Milt Hinton - Bassically With Blue (1976)

Genre: Jazz | Total Time: 42:50 | Size: 94.44 MB | MP3 320 kbps
1.Look Out Jack (2:24)
2.Joshua Fit The Battle Of Jericho (3:16)
3.Mean To Me (4:57)
4.Me And You (2:01)
5.Prelude To A Kiss (3:46)
6.Undecided (3:37)
7.How High The Moon (4:37)
8.Laughing At Life (3:42)
9.Mona Is Feeling Lonely (4:45)
10.Back Home Again In Indiana (3:30)
11.Toneing Down (3:23)
12.Walking Through The Woodyard (2:46)

Milt Hinton - bass & vocal
Cliff Smalls - piano
Sam Woodyard - drums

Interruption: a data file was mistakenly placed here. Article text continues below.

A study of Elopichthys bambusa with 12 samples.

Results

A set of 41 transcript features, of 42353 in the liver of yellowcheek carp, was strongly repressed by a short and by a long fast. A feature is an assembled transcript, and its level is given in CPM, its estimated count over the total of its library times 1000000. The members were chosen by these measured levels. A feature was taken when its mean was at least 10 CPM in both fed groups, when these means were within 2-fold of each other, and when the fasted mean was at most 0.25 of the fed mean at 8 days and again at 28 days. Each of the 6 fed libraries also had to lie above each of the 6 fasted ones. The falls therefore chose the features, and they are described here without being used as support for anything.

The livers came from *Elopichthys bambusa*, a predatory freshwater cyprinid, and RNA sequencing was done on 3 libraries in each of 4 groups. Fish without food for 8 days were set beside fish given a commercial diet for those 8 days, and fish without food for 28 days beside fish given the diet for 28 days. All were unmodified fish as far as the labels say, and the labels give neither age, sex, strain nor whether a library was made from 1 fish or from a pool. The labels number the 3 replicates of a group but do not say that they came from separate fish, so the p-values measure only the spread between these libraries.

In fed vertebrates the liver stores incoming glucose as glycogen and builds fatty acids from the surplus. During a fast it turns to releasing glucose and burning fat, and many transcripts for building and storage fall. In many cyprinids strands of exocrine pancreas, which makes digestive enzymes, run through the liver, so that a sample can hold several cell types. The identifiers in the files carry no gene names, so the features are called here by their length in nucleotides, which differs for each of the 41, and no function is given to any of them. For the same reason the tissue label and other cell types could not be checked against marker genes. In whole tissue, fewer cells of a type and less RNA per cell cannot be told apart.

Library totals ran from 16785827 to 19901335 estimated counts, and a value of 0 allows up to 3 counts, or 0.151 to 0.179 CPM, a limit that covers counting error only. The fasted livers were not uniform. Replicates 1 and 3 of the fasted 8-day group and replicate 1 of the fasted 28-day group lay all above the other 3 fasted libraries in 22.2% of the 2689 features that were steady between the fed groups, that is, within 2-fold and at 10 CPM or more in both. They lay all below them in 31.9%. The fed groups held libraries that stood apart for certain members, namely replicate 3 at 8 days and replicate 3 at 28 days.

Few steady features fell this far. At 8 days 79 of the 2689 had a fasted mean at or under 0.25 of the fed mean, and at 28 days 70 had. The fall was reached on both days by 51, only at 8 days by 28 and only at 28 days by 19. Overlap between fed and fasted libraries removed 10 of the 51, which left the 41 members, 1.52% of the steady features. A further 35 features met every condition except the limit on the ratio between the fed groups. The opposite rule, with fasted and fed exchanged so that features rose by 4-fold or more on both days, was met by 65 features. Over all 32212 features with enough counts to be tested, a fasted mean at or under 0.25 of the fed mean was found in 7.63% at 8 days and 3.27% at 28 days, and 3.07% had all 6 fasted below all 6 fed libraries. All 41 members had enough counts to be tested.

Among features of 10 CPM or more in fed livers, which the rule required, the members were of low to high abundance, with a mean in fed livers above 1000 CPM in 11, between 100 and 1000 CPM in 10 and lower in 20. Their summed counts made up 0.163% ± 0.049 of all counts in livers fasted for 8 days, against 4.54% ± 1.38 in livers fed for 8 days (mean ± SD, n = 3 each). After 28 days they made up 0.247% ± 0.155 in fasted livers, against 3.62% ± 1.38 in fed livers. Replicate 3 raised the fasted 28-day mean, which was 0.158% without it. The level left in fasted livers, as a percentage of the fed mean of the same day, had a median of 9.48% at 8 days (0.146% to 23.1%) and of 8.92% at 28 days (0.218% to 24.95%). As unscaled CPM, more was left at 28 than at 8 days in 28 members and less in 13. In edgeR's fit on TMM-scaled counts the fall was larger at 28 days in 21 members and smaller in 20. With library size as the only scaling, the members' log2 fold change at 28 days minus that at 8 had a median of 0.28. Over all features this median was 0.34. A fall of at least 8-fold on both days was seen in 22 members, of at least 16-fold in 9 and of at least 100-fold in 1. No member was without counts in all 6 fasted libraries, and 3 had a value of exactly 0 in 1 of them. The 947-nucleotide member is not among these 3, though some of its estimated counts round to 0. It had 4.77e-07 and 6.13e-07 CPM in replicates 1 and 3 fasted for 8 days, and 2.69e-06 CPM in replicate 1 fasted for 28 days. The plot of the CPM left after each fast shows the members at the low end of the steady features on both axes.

Milt Hinton was one of the busiest bassists in the history of recorded music and not just in the world of jazz. But Hinton led relatively few dates of his own during his long career; when he got the opportunity, he made the most of it. This 1976 session features him leading a trio with pianist Cliff Smalls and drummer Sam Woodyard (who sticks to brushes for most of the date), mixing originals and standards in equally swinging fashion. The brisk opener features a fine solo by the leader and playful exchanges between the three men. Hinton's take of the old spiritual "Joshua Fit the Battle of Jericho" is a real swinger, not nearly as dramatic as the unaccompanied versions he became famous for later in his career. Hinton's warm arco bass introduces a lush treatment of Duke Ellington's "Prelude to a Kiss" before he returns to playing pizzicato. Smalls and Hinton share the limelight in the delightful take of "How High the Moon." Since the bassist spent so much time on the road, it isn't surprising that he composed a bluesy tribute to his devoted wife Mona, "Mona's Feeling Lonely," though he doesn't sing his lyrics on this version. The leader showcase his formidable bass-slapping technique in the superb rendition of "(Back Home Again In) Indiana." This Black & Blue CD reissue of the earlier LP adds a bonus track, a brisk blues called "Walking Through the Woodyard" that features the drummer to good effect. It is odd that the label thoughtlessly omitted composer credits to the songs. Fans of one of the greatest bassists in jazz history should pick up this release immediately.